Elana Meyers hasn’t been getting much sleep lately, but the last thing she’s going to do is complain about it.
The GW softball alumna has been enjoying the demands of newfound celebrity, making the media rounds after winning a bronze medal in bobsledding with teammate Erin Pac Wednesday night at the Vancouver games.
“It’s been amazing, just being shuttled around from media event to media event, to event to event,” Meyers said Friday in a phone interview. “We’re having the time of our lives.”
Meyers is the 13th GW athlete to participate in the Olympics, the most recent having been in 2008 when former women’s basketball players Anna Montañana and Elisa Aguila represented Spain, and current women’s swimmer Sameera Al Bitar represented Bahrain at the Beijing games. Meyers is the second former Colonial to medal after Christine Collins won a bronze in rowing at the 2000 games in Sydney.
The team of Meyers and Pac raced as the United State’s second team in Vancouver, so few expected them to win a medal at the event. After the two heats on the first day of competition, however, they sat second among all competitors, trailing only the eventual gold-medal winning team from Canada.
Meyers said she woke up at 4 a.m. Wednesday, anxious to get back to the track for the final two heats in order to determine their fate.
“We were just gonna go out there and have fun,” Meyers said. “There was really no pressure on us because we weren’t expected to be there. Nobody besides ourselves really thought we would be there, to be in medal position.”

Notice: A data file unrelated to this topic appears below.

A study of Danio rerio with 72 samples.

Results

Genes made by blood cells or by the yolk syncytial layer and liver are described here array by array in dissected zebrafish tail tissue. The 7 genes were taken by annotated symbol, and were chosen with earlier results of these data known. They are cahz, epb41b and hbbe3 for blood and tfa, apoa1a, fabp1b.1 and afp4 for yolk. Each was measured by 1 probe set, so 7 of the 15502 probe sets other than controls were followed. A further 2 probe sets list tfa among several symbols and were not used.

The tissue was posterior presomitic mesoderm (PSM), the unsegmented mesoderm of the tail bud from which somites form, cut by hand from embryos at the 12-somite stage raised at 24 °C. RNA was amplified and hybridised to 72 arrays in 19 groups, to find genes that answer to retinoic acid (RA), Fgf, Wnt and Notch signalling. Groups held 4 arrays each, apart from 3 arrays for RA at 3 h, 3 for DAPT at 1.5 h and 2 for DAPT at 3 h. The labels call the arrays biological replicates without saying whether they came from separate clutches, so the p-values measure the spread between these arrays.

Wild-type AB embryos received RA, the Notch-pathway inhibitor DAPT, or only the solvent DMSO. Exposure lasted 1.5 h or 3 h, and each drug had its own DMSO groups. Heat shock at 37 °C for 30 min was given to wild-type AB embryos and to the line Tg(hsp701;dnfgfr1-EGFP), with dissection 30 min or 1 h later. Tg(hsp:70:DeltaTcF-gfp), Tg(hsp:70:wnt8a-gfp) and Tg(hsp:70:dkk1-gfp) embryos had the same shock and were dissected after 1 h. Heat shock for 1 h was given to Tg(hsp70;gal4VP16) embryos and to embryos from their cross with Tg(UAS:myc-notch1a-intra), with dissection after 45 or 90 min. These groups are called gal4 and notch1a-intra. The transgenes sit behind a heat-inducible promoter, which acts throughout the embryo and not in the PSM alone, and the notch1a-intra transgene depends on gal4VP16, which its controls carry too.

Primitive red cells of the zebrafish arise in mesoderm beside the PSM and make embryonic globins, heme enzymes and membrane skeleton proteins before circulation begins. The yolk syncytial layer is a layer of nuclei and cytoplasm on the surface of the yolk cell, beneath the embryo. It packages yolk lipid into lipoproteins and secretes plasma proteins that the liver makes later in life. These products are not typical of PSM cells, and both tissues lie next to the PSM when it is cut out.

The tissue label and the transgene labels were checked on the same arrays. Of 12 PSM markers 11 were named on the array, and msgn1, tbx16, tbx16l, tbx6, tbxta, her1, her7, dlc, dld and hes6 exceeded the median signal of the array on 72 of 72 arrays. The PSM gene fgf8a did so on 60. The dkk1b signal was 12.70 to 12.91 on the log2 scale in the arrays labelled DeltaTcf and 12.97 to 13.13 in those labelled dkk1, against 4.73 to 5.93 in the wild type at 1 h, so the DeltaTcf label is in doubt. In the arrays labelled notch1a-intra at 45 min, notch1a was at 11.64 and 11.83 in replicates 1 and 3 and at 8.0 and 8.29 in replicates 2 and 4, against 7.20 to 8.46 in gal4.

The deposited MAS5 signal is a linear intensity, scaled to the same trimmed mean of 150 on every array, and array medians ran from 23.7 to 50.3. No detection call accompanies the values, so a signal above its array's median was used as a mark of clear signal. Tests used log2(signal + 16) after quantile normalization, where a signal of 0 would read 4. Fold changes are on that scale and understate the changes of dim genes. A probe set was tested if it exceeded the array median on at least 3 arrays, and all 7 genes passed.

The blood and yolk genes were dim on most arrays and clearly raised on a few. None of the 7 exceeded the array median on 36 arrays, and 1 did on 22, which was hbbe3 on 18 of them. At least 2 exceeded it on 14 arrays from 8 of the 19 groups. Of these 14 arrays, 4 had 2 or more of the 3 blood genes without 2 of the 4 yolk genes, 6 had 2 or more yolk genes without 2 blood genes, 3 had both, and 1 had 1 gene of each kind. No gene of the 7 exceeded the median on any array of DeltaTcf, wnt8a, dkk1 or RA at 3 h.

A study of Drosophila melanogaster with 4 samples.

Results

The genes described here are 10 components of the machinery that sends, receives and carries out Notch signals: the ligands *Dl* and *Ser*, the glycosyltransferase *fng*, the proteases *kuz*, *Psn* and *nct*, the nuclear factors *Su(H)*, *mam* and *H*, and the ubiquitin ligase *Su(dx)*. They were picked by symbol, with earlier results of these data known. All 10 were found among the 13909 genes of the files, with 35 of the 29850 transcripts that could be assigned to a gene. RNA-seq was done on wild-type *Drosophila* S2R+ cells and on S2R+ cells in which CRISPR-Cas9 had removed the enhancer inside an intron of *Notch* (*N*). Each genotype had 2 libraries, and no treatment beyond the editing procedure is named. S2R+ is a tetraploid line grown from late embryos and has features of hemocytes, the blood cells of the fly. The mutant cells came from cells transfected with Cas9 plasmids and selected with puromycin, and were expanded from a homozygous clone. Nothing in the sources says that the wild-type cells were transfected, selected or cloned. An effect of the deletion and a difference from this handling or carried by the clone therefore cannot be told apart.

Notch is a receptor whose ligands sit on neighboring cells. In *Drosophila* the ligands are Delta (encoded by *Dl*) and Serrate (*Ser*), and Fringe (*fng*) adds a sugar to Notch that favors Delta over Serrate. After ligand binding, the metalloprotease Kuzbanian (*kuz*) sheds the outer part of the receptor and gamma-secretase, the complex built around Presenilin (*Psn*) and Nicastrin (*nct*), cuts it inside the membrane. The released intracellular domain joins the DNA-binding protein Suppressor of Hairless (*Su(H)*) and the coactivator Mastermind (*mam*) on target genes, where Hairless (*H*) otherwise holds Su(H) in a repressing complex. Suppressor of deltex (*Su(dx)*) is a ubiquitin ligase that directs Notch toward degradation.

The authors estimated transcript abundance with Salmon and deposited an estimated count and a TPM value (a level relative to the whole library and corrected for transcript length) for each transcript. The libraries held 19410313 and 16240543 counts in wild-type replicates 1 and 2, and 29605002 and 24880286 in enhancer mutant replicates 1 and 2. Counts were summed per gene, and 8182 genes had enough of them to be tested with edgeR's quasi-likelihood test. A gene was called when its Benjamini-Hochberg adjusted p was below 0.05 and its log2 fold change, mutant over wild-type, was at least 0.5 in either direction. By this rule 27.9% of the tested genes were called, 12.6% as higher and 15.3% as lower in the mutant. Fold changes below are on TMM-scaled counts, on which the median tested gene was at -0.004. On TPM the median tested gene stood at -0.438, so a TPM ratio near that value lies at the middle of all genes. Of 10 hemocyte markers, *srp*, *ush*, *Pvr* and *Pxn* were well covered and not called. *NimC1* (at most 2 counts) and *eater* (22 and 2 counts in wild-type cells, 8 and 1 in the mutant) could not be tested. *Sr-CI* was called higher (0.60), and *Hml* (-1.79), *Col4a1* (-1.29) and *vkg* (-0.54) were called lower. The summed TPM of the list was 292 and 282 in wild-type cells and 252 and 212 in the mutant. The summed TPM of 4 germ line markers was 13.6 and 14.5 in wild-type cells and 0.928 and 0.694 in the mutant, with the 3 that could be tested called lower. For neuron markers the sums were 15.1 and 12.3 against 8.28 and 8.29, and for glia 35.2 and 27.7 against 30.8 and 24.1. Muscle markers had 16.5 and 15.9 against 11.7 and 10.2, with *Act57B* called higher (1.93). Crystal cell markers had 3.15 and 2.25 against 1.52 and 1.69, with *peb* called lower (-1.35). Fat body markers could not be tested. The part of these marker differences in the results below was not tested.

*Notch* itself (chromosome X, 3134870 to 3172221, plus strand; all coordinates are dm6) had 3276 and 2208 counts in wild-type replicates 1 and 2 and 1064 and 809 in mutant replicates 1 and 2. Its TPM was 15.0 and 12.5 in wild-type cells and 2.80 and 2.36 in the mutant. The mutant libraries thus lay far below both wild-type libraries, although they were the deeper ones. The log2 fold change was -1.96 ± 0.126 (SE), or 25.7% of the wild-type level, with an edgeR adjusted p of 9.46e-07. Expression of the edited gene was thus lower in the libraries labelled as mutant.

The team remained in second place after the third run, then had to wait to watch almost all of the other teams race before being the second-to-last team to take the track for the final run.
Their fourth run was their slowest of the games, moving the team back a spot into third place, but Meyers said their exact standing was of little concern when they got to the bottom of the track and saw their time.
“Pure joy – I can’t describe it any other way,” she said. “It didn’t matter that we dropped a spot. It just mattered that we had a medal.”
Meyers’ entire immediate family and her grandfather were in attendance, but she said she only got to spend a few moments celebrating with them after her victory before she was whisked away to begin attending a slew of media events.
She said Friday that it had been an almost non-stop circuit of appearances and interviews since then, with the highlight being a trip to NBC’s Today Show. Both she and Pac are big fans of the show, Meyers said, but they weren’t nervous about appearing on one of the most-watched morning programs in the country.
“We had already done the work and won the medal,” Meyers said, “so going on the show was the fun part.”
Meyers said she will take countless memories of her experience with her when she leaves Vancouver – the opening ceremonies, the time she spent bonding with Pac, the moment of victory itself.
Luckily for her, she also gets one very tangible memento of the games – her bronze medal, which she said she has been showing everybody she’s seen since Thursday’s emotional ceremony. “I was bragging to everybody that I wouldn’t cry, but it was so overwhelming when we got up there,” she said of her time on the podium. “It was wonderful. It was one of the best moments of my life. It made it real.”